White House remains optimistic for George Floyd police reform legislation

Politics

WASHINGTON (NewsNation Now) — President Joe Biden will not meet his self-imposed deadline of the anniversary of George Floyd’s death to sign legislation on police reform.

Instead, to mark the day, he will host a private meeting at the White House with the Floyd family, including George Floyd’s daughter, Gianna.

The president’s spokeswoman explained the administration is staying “very engaged” on talks in Congress but giving them room to work.

“The president is still very much hopeful that he will be able to sign the George Floyd Justice in Policing Act into law,” said White House Press Secretary Jen Psaki. “We’re certainly hopeful that activism, that engagement, will help move this across the finish line.”

The White House downplayed missing the deadline but said the president spoke with Senator Cory Booker Friday. He’s one of the lawmakers leading negotiations on the legislation, which is stuck in the Senate, along with Republican Senator Tim Scott and Congresswoman Karen Bass.

Together, they put out a statement, stating in part, “This anniversary serves a painful reminder of why we must make meaningful change…We are still working through our differences on key issues…And remain optimistic about the prospects of achieving that goal.”

The major stumbling block preventing passage is qualified immunity, which protects officers from being sued personally for their actions on the job. A change would make it easier to prosecute police.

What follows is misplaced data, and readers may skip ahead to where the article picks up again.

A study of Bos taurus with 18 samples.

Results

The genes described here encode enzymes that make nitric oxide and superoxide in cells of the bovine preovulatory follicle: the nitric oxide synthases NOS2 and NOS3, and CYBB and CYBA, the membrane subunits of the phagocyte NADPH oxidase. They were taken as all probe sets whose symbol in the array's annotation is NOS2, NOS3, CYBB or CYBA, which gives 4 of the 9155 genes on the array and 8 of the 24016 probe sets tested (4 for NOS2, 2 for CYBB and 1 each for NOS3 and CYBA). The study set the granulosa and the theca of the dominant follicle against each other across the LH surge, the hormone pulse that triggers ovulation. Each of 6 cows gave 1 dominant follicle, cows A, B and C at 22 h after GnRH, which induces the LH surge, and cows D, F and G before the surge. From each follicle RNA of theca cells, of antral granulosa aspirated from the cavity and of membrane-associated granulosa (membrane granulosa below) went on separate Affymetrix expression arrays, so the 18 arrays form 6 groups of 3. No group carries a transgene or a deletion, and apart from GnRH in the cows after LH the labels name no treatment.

“I want that to be part of the bill, but I also don’t want to allow perfect to be the enemy of the good. I want to make progress,” said Connecticut Senator Chris Murphy.

The legislation also aims to ban chokeholds and create a national police misconduct registry so that fired officers cannot be hired by another department.

Republicans, like Senate Minority Leader Mitch McConnell, continue to cite a roughly 25% rise in violent crime across the country last year as a need to instead hire more officers and strengthen police forces.

“Violent crime shot up dramatically in 2020,” said McConnell. “Adequate policing is not an enemy of civil rights.”

Civil rights attorney Lee Merritt, who representing families and victims of police abuse in high profile cases, says there is no time to lose.

“George Floyd doesn’t represent a culmination of anything, but I believe the tip of the spear,” said Merritt. “Every day that we delay meaningful reform, more lives are lost.”